Over the past few weeks, I have had the absolute pleasure of meeting and conversing with professional nutritionist Whitney Carney. She has plenty of experience in the field of dietetics and shows real passion for the field and her clients. As our BSN feature professional, she has lots to share with athletes and anyone willing to listen. I hope this interview shows the true benefits of leading a healthier lifestyle and if you have further questions, reach out to Whitney and she would love to answer them!

Originally, Carney was interested in pursuing a degree in pre-med or pre-dentistry thinking of possibly becoming an orthodontist. In her college biology class, while learning about different types of proteins, vitamins and minerals, her interest in nutrition and wellness began to bloom. She also had a flaming desire to help people that wasn’t being satisfied as a pre-med major. Upon discovering that her university had a dietetics program, she decided to switch and become a dietetics major and she hasn’t looked back. Carney has received both her bachelor’s and master’s degree in dietetics at Marshall University, as well as completing a dietetics internship. She then took the trip down to the University of Tulsa to complete a sports nutrition internship working with D1 athletes on nutrition education, proper nutrition recovery and proper hydration. She has been a professional for over a year and currently works as an eating disorder dietitian for The Disordered Eating Center of Charleston, a local gym for their weight management program, and a disabilities company called Hopewell.

Her passion for the field is apparent, even with the brief conversations I have had with her. She enjoys a lot about her career and it was refreshing to hear about. Her favorite part of the job is “when athletes and individuals who struggle with eating disorders alike find that food really is the best medicine to fuel their bodies and increase their performance,” and thoroughly enjoys helping people. However, it’s not all sunshine and rainbows in the real world. There are tough parts of Carney’s job that she struggles with at times. One of her least favorite parts of the job is working with clients with eating disorders and a lack of family support. Working with a family who doesn’t understand the severity of the issue can be very frustrating. Carney also works with private clients, some of which want to pursue a very restrictive diet. The problem with that, according to Carney, is that “restrictive diets don’t work,” and the statistic is that 95% of diets inevitably fail. She wants to keep more people from adding to that statistic. However, she does an excellent job of maintaining empathy and understanding towards her clients.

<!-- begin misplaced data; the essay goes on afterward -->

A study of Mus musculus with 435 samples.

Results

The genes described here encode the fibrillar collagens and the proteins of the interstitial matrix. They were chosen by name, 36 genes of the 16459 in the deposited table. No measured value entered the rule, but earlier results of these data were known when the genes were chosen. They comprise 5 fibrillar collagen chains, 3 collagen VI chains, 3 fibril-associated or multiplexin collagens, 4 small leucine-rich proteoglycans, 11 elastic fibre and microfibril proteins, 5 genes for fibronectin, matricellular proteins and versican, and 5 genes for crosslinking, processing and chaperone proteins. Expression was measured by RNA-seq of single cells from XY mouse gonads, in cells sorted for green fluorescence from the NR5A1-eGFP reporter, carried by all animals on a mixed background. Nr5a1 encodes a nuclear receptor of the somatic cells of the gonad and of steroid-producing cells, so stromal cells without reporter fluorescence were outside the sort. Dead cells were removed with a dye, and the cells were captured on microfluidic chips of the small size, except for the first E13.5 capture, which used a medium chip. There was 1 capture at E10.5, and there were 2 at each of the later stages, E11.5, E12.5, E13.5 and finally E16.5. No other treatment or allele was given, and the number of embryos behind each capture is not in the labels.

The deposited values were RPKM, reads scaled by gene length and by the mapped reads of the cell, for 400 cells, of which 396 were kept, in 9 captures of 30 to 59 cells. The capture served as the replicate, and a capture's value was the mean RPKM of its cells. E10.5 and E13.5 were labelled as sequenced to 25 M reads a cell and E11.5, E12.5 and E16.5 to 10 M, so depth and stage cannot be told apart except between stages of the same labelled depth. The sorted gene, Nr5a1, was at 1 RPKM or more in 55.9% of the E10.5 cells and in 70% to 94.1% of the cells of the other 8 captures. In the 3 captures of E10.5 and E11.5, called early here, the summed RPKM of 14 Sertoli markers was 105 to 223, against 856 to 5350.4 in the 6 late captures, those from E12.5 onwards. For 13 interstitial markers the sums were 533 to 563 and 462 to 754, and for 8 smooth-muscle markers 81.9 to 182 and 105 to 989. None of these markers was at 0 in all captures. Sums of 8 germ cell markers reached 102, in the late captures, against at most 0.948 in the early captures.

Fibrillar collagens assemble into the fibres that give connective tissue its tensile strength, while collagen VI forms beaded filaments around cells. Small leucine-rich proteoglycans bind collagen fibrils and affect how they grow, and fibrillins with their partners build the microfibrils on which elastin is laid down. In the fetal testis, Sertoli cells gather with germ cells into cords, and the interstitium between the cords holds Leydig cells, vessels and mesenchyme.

Carney believes that anyone interested in the field of dietetics should go for it! In her words, anyone interested should “explore all the options because the dietetics field is constantly growing that you may not learn about in your undergraduate or even graduate programs,” and if given the opportunity to shadow someone, go for it. She truly believes that the field of dietetics is very rewarding and can change the life of someone whose interest has been piqued by nutrition and/or wellness. Carney joined BSN to reach out to athletes and individuals who want to get energy improved performance from food, the healthiest and most effective source possible. She truly wants to help people and I highly recommend anyone interested to reach out to her.